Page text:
Rata-tat-tat, rata-tat like that

 

Last updated 10/31/2023 at 10:13am



You may have read articles recently implying that hunters own the entire forest this time of year because they paid for a hunting permit. You may have gotten the impression that the responsibility for keeping people (and non-targeted animals) safe during hunting season lies entirely on non-hunters.

People who like to take walks and meander along streams. People who camp and dance and listen to songbirds and write poetry in the woods, which is to say, people like me.

I think hunting is admirable and beautiful, carried out properly. As someone who eats and loves meat, I feel good about the fact that I grew up raising wide-ranging, grassfed beef. I do not have any illusions about where meat comes from.

Though I don’t hunt, some of my friends and family do. To respect one’s prey, to undergo the hardship of actually tracking and understanding a creature before taking its life — these are meaningful actions, and all omnivores might do well to undertake them. Hunting is vastly superior to buying some big-box-store beef shipped in from South America, where acres of rainforest were chopped down to make room for grazing.


However, I have seen self-styled hunters do stupid things on the Deschutes National Forest. One of them parked their trailer about a half mile from the Crossroads housing area, on a red cinder road used frequently by local dog owners, walkers, and dirt bikers, near a Sisters Trails Alliance route frequented by horseback riders.

This guy shot semi-auto into the forest right there by the trails, right there by the road, right near Crossroads. He shot without looking first. He fired off 12 rounds, and nearly killed me.



Rata-tat-tat, rata-tat like that, to quote Dre and Snoop. It was scary as heck. I didn’t respond well; though I grew up out in the country, I later spent time in cities, some dangerous. Back then, if I heard gunfire, I would automatically hit the deck, roll under the bed.

I guess it’s been a long time; my instincts don’t operate the same way now. When these bullets started whizzing by me in the forest, I stood up. I stood up and hollered, loud and guttural. Never heard that voice come out of me before. The voice sounded powerful and furious.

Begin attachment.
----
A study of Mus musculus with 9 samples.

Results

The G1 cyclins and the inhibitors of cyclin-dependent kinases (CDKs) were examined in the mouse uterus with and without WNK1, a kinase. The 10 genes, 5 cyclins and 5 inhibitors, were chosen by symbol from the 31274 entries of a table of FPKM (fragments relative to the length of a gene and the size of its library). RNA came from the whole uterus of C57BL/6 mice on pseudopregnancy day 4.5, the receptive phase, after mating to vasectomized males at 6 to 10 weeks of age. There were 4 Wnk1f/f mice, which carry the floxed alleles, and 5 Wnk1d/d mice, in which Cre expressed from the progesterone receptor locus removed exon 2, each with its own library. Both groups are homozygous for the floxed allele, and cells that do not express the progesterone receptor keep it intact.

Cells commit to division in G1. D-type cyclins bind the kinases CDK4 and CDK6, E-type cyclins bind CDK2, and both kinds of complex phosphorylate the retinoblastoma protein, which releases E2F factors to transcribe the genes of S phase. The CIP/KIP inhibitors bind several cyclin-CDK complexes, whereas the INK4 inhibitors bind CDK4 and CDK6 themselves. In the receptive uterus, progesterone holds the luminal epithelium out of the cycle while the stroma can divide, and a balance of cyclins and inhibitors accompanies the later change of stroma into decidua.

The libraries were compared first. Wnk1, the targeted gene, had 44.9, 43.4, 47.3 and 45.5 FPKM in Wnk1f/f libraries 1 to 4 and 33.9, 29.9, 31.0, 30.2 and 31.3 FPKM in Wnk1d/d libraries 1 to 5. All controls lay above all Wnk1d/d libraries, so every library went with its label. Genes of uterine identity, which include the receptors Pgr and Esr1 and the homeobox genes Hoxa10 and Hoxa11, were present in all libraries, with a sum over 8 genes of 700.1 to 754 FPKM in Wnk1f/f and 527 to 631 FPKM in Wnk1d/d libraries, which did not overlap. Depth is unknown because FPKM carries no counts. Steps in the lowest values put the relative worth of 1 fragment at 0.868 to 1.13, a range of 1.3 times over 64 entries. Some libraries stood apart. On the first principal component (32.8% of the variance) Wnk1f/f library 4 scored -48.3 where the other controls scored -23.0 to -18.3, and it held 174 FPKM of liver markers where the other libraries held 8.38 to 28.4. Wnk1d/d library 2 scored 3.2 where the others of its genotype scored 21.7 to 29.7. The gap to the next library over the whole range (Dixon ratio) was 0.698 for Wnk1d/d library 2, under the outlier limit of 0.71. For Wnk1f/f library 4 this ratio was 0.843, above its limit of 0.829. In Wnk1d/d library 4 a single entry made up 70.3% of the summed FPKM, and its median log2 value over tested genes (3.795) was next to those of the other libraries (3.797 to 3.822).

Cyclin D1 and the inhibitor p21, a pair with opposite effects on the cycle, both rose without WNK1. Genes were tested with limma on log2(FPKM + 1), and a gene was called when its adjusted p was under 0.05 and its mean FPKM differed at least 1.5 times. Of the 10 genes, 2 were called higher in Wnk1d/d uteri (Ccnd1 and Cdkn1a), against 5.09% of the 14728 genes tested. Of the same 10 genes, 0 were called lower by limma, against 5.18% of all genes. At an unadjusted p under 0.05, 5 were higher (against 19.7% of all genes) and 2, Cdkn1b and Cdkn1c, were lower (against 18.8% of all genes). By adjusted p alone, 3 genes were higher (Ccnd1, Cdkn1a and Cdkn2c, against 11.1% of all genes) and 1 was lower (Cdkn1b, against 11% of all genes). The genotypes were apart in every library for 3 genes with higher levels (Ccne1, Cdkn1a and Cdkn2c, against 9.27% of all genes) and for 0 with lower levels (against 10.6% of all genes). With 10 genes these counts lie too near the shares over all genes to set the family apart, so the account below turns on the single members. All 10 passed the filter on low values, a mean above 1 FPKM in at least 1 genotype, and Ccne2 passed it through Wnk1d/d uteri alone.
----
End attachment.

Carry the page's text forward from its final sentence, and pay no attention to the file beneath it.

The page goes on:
My sense of peace, my sense of being immersed in and welcomed by the forest, the sense of healing and solace I experience on my walks in nature — that was gone too. It was pushed aside by fear. It’s been over a year, and the unease still jitters through me as I take my walks. I’d retreat to my favorite local camping spot, but I hear someone was shooting in the actual campground a few weeks ago.



It would also be grand if our legislators would fund the U.S. Forest Service properly, instead of forcing the agency to obtain revenue from resource extraction, hunting and camping fees, etcetera. While we’re at it, wouldn’t it be grand if someone would enforce the existing rules that are supposed to protect people, animals, plants, and habitat?



In other words, by law and rule it is not my responsibility to ensure that every person with a firearm doesn’t shoot me. The responsibility lies with the person carrying the weapon.

But law and rule won’t save my life. So I’ll keep wearing red and orange (and this wild yellow safety vest I picked up on sale at Bi-Mart). I will reluctantly walk only the most obvious roads, leaving the big, off-trail bulk of the forest to hunters, because I guess they actually do own the forest this time of year, no matter what the website says.